Roses for Supper
Trey Kidd picked a fallen rose petal from the table and ate it. Eyes, light, eyes.
Soon, when the time was right, Kate Elder would hand him the box of love poems that her grandfather had written for him, forty years ago. She poured Trey, and then herself, another cup of tea to prepare the moment.
That afternoon, she’d waited at the café for him to show up for his shift. He hadn’t. When the evening barista, a young woman, reported for work, Kate was about to call it quits and try again another day. But at the changing of the shifts, she overheard the baristas talking about the company they worked for. They didn’t work for the café–they worked for a service company that contracted with the two biggest cafés in town and a handful of restaurants, which meant that if Trey Kidd weren’t showing up here today, chances were he was working the other café. Kate knew better than to ask, for it seemed to be company policy not to disclose any information about the former celebrity. She caught the bus to town and got to Busk and Bar in the lull between the evening and late-night crowd. She was the only customer.
The man tending the espresso bar wore his gray hair long. He was about the right age to be Kidd. A man can change so much between youth and age that Kate wasn’t sure how to recognize him. If she’d met him when she was a child, during the years he’d studied with her grandfather, she couldn’t remember. She only knew him from his album photos, his recorded voice, and the descriptions in her grandfather’s poems.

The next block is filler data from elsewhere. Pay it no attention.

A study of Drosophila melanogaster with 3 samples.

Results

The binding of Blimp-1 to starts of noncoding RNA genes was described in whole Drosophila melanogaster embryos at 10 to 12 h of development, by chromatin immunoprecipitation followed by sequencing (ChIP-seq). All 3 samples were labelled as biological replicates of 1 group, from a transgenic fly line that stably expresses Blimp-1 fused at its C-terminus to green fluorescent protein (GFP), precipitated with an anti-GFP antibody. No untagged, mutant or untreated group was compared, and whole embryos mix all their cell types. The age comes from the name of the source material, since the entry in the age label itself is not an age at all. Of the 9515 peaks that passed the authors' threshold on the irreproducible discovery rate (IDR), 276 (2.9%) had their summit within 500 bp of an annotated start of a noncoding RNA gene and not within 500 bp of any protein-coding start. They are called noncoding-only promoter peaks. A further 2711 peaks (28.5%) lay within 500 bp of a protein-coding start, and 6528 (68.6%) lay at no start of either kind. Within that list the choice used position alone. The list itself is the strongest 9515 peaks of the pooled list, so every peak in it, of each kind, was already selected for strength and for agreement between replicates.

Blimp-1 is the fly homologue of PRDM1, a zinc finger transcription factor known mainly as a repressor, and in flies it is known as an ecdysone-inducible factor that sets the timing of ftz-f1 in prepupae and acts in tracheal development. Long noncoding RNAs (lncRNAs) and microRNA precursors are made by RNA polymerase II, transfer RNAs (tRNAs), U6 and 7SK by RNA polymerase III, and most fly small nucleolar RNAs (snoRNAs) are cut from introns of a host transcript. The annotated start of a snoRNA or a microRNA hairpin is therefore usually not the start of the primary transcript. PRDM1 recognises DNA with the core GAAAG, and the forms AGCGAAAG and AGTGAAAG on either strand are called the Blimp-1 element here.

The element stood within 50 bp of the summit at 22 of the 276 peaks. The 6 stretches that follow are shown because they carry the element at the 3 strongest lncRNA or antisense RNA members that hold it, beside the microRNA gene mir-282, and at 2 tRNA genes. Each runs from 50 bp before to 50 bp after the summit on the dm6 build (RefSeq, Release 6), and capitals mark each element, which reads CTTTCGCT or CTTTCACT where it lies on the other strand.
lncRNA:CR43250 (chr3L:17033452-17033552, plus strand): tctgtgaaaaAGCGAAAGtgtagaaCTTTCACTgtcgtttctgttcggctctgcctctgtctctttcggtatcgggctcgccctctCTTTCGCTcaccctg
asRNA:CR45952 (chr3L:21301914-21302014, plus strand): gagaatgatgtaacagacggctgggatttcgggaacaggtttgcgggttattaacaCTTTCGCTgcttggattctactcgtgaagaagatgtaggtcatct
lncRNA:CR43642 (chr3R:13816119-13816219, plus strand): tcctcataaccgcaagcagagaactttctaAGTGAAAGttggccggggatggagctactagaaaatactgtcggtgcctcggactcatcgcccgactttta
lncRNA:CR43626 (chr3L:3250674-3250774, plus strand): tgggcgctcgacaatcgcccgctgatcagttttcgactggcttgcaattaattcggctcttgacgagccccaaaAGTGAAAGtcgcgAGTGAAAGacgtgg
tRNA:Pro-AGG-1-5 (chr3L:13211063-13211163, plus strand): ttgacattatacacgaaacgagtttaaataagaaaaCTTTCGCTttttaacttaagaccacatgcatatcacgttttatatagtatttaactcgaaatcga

He sang while he worked, “Amazing Grace.” It was the same voice, recognized more by cadence than timbre. He had this way of tilting his head upwards while he sang, so softly, that charmed her.
“Mr. Kidd?” she asked.
He looked at her long. “You look familiar,” he said with a gentle smile. “Were you a student?”
She felt flattered to be thought young enough to have been one. There couldn’t have been more than fifteen years, at the most, between them. She would have been one of his first students, if that had been the case.
“No,” she said. “You knew my grandfather, Solomon Elder.”
His face broke out in light. “That’s shaking the old memory tree,” he said. “You must be the Young Elder, Katy-Moon.”
“No one calls me that anymore,” she said. “I go by Kate.”
“But you can call me Katy-Moon, if you’d like,” she added, quietly. “I forgot how much I like the sound of that.”
A customer arrived, then a few more, and then it was the late-night rush.
When he’d taken care of the line, Kate said, “I’d like to talk with you. About my grandfather.”
“I’d like that very much,” he said. “I close up in half an hour. Is that too late? Or we could meet tomorrow.”
It wasn’t too late. She helped him close, and then they walked together to her home, the home that used to belong to her grandfather.
“It’s been so long since I’ve been here,” Trey Kidd said.
“I don’t remember you coming,” said Kate.
“Oh! You were always out roaming the beach and meadow with your husky! What was his name?”
“And when you returned, you had no patience for a room full of philosophy students, arguing with each other and hanging on every word of your grandpa’s.”
“I didn’t know what I was missing,” Kate said.
“Oh, yes! I think you did! The grasses, sky, and ocean are far better companions than dissolute youth!” He laughed.
He sat at the kitchen table, eating the fallen rose petals, while she made tea.
What was this brightness within her? What path led here, twisting through tangled lines of moleskin notepads, through the spaces in the poems in spiral-bound notebooks, to a white box, filled with packets of rice-paper poems, written for him? It was a path of words and silence, of revelations and secrets, of pain and succor.
“I’ve been looking for your for a while now,” Kate said. “You were very important to the person I loved the most.”
Prompt for May 27: “Start a story that begins with the ending, then immediately jumps back in time,” from StoryADay.org.